17:41 05 March 2013
Britain’s Defence Secretary Philip Hammond is expected to announce on Tuesday, 5th March, that army troops will return home from Germany earlier than expected. Based on reports, approximately 10,000 of the UK’s troops will come back by 2016.
The remaining 4,500 troops will leave Germany and return back to Britain by 2019.
It is believed that this could help save a large amount of funds when it comes to operations, to the tune of £240million each year.
However, homes will need to be provided for the troops which could cost at least £1billion according to reports.
A source from the Ministry of Defence (MoD) commented on the situation, saying: “This will not only provide a boost to the economy, but also see the soldiers and their families benefit from new and upgraded accommodation.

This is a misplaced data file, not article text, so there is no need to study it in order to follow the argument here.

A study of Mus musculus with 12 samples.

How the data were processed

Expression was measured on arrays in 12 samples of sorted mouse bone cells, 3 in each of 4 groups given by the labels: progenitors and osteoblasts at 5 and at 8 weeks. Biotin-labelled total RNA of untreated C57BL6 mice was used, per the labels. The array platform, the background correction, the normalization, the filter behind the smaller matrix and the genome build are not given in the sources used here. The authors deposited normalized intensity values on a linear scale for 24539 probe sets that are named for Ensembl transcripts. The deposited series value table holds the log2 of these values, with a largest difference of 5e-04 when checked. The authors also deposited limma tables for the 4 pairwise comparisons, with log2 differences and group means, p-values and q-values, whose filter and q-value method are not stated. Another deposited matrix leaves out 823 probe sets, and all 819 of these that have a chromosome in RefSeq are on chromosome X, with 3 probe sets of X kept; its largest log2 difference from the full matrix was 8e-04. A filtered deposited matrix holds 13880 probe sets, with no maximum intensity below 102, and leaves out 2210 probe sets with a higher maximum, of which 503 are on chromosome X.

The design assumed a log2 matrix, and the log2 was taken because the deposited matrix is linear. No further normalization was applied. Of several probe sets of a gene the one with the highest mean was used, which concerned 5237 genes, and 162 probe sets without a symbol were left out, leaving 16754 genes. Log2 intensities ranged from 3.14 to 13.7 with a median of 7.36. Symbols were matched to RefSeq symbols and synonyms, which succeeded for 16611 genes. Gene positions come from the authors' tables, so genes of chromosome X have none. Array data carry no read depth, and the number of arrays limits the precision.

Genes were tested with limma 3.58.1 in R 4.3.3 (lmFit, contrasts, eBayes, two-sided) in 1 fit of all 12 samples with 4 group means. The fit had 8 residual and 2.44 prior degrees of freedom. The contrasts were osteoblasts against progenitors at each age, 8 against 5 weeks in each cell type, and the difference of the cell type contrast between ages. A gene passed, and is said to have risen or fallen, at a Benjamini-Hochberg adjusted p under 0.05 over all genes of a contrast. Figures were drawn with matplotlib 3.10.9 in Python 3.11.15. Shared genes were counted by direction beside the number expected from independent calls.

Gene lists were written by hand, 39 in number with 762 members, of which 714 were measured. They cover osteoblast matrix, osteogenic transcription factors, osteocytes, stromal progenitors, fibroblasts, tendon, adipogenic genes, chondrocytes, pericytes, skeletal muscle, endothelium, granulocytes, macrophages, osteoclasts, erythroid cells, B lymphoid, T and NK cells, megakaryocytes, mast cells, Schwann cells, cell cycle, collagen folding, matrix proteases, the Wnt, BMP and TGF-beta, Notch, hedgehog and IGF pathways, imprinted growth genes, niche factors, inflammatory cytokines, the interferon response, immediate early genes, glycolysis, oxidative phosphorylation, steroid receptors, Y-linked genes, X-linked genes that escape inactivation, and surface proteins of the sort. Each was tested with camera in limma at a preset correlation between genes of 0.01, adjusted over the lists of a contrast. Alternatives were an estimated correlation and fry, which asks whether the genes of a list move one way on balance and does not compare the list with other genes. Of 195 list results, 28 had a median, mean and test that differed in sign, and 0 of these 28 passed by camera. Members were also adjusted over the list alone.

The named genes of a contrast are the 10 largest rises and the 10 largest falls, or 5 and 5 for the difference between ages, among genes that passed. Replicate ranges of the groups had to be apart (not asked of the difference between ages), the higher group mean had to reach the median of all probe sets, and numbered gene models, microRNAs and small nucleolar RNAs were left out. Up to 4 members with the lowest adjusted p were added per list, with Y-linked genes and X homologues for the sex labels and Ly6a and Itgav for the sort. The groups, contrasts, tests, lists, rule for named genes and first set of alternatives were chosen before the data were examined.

“This plan will provide much greater certainty for forces’ families and actually deliver the pledge to bring the Army home from Germany much earlier than first planned.”
A MoD source added: “The Army’s plan will make it much easier for units to work and train together with a coherent laydown of units across the country.”
Jim Murphy, the Shadow Defence Secretary, has noted the good news regarding the troops coming back to the UK, although he aired his concern over where the spending would come from to accommodate the large number of returning Brits.
Troops from the UK have been in Germany since World War Two, which lasted from 1939 to 1945.
Germany is made up of 16 states, with its capital city being Berlin. After the Second World War, Berlin was divided into East Berlin and West Berlin, with the Berlin Wall being in place for nearly three decades from 1961 to 1989.
The country lies in between the Netherlands and Poland, with some of its coasts lining the Baltic Sea and the North Sea.